North Sea job losses could be a potential outcome of “creating another giant” in the oilfield services sector, a top energy consultant said yesterday,
But Arindam Das, head of consulting at Westwood Global Energy Group also said he did not consider it a “major threat” in the short term.
Mr Das added he was “not surprised” by a potential merger between Halliburton and part of TechnipFMC, as it offered access and new opportunity for both firms.
Halliburton could be looking to replicate what Schlumberger has done in giving customers “a more integrated solution that goes all the way from sub-surface to subsea production systems”, he said.
He added: “It allows them to really develop a presence in the subsea market, which is a market they didn’t have access to previously.
“From a TechnipFMC point of view, the way investors will look at it is that you are creating another giant to compete with the likes of Schlumberger and Baker Hughes-GE, with a new third player coming into the market.”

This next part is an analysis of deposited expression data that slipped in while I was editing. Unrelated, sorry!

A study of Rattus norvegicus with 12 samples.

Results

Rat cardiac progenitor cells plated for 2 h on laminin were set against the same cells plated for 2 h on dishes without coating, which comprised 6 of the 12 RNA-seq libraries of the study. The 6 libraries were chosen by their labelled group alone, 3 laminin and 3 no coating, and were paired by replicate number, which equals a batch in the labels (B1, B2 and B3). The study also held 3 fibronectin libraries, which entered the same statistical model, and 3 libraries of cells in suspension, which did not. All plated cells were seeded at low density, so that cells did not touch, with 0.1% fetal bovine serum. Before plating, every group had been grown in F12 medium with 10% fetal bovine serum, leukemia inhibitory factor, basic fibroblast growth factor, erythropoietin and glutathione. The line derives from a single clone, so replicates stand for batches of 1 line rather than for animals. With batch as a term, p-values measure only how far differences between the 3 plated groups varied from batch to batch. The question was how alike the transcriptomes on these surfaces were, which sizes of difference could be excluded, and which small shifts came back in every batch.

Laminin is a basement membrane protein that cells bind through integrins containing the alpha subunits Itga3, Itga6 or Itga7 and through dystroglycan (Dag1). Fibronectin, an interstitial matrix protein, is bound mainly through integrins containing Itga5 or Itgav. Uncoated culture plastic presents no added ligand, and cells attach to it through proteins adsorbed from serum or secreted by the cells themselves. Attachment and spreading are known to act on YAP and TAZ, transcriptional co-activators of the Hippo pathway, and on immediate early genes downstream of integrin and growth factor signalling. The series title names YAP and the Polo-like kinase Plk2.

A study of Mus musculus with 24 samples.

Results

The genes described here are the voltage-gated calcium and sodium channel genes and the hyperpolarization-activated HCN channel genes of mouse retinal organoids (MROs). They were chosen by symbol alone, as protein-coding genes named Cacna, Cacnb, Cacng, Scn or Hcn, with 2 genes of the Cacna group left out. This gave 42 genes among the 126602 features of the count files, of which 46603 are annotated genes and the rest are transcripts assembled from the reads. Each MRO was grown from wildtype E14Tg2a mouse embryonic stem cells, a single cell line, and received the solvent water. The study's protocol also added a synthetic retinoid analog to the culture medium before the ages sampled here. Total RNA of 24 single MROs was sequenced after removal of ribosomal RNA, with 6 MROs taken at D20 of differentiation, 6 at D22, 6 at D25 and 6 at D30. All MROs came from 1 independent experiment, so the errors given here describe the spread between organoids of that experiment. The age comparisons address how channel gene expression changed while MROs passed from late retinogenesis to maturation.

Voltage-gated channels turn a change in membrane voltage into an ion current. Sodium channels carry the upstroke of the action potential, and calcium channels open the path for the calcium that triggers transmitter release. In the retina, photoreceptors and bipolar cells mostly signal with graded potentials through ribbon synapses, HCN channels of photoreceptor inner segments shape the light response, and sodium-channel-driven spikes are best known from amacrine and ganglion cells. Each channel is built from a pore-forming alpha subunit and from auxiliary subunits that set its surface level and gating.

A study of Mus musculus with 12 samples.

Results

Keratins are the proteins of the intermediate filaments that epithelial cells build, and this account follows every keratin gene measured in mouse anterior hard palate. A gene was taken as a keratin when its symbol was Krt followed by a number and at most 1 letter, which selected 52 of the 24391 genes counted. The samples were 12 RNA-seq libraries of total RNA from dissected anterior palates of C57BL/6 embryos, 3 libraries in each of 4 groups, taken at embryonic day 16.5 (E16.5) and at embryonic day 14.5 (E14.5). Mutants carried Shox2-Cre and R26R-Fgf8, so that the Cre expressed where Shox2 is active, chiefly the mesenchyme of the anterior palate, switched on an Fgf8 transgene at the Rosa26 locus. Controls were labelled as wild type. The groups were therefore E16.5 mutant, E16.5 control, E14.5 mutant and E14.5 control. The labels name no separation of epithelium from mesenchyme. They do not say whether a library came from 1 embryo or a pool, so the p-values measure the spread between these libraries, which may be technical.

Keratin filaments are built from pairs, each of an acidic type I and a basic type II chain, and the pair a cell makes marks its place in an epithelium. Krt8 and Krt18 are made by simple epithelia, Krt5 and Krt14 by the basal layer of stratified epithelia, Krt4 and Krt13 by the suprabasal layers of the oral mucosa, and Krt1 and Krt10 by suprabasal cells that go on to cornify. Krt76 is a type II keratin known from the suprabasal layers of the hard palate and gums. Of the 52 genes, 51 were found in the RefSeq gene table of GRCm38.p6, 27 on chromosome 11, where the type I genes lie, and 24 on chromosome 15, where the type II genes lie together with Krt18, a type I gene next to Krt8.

But Mr Das also warned the deal could lead to an amalgamation of services, with knock-on implications for jobs.
He said: “I wouldn’t consider it a major threat, but what does happen with most of these big mergers is that eventually the company will look to drive efficiencies.”
Ashley Kelty, head of equity research in oil and gas at financial services firm Whitman Howard, said a merger would be a “logical tie-up both strategically and economically”.
“Financially it makes sense,” Mr Kelty said, adding: “It also permits them to create competitive advantages as companies try to carve out a niche in a shrinking market.”
TechnipFMC, with global revenue of about £9.7 billion in 2018, was created in 2017 through the merger of French company Technip and US-based FMC Technologies.